Families 'still fighting for support' despite SEND reform

By Joe Lepper

| 02 September 2019

Families are still not getting enough support for special educational needs and disabilities, according to a damning sector statement published to mark five years since the SEND reforms.

The statement says there are "serious concerns" that support for children and young people with speech, language and communications needs has not improved. Picture: Mediteraneo/Adobe Stock

The statement comes as the government confirmed a £700m cash boost for SEND on Friday (30 August), as part of a £14bn schools funding package.

The move was hinted at last week in leaked documents, though is £100m short of plugging the claimed £800m funding gap.

Some 80 per cent of parents of SEND children are critical of the system - with the majority saying it is impacting on their child's mental health, education and family's finances, according to the joint statement from the Royal College of Speech and Language Therapists (RCSLT) and the children's charity I CAN.

Their verdict on the SEND reform that came into force in the Children and Families Act (2014) is that a central purpose of the reforms - to make the system less adversarial - has not been fulfilled.

The statement adds that there are ongoing "serious concerns" that support for children and young people with speech, language and communications needs (SLCN) has not improved, and that "in many areas it has worsened".

A survey of 241 parents and carers of children with SLCN found that nine out of 10 say they have to fight to get support for their child.

It was also intended to ensure families and children are more involved in decisions around their support.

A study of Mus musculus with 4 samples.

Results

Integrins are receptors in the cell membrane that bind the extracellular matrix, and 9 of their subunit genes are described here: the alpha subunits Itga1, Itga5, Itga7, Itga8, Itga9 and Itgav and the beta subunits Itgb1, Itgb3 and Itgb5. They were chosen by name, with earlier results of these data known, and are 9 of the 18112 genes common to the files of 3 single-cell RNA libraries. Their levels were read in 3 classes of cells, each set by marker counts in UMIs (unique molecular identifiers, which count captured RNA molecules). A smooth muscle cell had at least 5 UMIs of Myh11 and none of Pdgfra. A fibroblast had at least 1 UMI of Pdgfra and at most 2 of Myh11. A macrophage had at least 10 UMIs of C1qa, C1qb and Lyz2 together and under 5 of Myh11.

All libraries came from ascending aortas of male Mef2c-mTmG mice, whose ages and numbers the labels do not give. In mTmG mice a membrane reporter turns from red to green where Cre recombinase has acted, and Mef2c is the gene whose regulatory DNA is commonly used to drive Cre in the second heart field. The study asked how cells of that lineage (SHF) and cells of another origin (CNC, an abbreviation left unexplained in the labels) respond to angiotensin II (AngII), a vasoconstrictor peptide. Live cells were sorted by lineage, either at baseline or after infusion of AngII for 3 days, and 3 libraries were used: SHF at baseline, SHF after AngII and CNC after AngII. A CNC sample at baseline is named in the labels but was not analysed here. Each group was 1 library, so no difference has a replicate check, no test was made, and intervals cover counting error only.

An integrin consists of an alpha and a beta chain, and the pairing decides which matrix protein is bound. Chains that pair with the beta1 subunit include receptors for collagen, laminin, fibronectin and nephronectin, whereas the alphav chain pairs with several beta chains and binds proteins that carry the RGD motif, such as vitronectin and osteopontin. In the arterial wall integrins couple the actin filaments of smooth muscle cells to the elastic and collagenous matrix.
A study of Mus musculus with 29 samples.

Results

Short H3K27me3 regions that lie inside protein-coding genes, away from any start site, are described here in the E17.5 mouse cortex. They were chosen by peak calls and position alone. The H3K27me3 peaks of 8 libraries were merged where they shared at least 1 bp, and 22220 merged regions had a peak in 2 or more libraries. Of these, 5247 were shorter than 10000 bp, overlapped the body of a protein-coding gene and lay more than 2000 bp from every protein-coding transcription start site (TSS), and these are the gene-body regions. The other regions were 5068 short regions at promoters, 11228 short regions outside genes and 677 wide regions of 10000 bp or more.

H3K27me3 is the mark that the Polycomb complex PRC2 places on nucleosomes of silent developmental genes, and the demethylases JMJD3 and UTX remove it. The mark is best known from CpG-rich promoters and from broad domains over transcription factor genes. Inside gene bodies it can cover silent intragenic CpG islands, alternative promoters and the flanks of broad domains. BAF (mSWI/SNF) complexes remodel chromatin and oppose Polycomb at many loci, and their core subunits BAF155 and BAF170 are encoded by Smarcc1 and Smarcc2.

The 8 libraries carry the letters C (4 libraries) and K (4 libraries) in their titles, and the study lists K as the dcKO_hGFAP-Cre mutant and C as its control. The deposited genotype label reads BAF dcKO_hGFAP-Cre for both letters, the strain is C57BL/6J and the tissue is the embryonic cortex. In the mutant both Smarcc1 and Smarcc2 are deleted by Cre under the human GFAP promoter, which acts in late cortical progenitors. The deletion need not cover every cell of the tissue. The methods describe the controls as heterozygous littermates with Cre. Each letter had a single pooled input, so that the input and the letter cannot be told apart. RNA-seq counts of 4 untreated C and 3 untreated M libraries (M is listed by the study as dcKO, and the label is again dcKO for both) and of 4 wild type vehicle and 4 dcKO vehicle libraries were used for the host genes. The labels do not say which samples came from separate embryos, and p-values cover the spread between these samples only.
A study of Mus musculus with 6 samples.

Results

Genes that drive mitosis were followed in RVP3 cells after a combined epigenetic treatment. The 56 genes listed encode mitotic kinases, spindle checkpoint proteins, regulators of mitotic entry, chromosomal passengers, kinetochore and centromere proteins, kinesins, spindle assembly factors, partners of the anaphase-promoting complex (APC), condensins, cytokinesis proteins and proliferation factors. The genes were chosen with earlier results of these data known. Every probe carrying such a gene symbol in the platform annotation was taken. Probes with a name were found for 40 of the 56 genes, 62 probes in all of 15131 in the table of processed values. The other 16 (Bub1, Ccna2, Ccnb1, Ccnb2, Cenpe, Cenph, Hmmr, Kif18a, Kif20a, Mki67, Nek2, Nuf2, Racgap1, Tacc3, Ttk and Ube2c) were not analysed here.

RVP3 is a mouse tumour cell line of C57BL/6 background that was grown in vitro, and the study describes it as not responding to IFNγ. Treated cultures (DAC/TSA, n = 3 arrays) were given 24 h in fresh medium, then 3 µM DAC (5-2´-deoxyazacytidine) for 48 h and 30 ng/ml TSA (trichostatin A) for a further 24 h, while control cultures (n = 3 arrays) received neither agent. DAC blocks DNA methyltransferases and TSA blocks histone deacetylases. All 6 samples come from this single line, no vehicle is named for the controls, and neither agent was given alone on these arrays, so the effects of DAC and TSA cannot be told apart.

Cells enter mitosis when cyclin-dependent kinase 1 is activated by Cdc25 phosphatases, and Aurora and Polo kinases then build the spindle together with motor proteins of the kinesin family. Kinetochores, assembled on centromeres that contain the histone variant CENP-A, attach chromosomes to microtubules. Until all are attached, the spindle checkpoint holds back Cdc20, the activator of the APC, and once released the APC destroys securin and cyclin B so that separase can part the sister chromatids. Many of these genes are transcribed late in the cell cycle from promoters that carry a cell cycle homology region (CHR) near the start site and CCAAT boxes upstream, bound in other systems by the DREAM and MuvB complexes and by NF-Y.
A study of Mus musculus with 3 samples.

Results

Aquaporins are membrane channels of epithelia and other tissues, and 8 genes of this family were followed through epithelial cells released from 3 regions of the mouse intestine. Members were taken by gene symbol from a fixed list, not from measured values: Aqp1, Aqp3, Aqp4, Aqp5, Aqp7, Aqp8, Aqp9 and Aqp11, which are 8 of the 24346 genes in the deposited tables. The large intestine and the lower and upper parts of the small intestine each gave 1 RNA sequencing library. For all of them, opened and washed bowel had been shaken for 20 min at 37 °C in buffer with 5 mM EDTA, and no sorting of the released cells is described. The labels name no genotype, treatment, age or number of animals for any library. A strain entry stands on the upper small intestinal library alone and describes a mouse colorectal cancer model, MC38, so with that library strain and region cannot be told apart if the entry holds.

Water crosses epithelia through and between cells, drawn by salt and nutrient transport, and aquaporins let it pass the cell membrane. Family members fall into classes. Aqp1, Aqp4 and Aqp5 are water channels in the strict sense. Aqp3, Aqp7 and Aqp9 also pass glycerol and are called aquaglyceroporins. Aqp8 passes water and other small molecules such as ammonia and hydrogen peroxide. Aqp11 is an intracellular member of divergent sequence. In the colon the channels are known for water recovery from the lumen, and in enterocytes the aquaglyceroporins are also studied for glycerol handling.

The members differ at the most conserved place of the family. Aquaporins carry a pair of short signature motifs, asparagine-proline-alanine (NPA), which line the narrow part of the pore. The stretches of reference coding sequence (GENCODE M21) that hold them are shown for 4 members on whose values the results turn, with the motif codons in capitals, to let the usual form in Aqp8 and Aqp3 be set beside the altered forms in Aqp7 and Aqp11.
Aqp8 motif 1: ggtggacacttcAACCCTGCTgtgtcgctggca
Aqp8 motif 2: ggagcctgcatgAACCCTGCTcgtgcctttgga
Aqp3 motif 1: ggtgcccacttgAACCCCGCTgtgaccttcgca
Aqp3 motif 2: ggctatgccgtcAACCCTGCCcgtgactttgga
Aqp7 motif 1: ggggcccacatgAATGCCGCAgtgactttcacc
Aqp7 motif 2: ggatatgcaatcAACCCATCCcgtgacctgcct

They point to figures that show that the number of SEND tribunal appeals, relating to decisions around EHC plans, totalled 6,023 in 2018, an increase of 47 per cent on 2014's figure.

I CAN and the RCSLT want Prime Minister Boris Johnson to develop a cross-government strategy for children and young people and improve the training of newly qualified teachers so that they better understand children's speech and communication needs.

The government should also fund a national programme of training for education staff working with children with SCLN.

Better training is also needed in other sectors where there is a high prevalence of children with SCLN, says the statement.

This includes the care and justice systems, mental health specialist support and alternative education provision for those excluded from school.

"We strongly support the intentions of the reforms: to enable the participation of children and their parents in decision making, to improve early identification and intervention, and to increase collaboration between education, health and social care services," says the statement.

"However, good intentions are not enough. More than 1,800 days since the reforms came into effect, many children and young people with SLCN are not getting the support they need."

Last year the RCSLT and I CAN said they also had "grave concerns" over government action related to SLCN policy and in response to issues raised in 2008 through the landmark Bercow report.

This found that parents were struggling to access information and faced long waiting times for support for their child.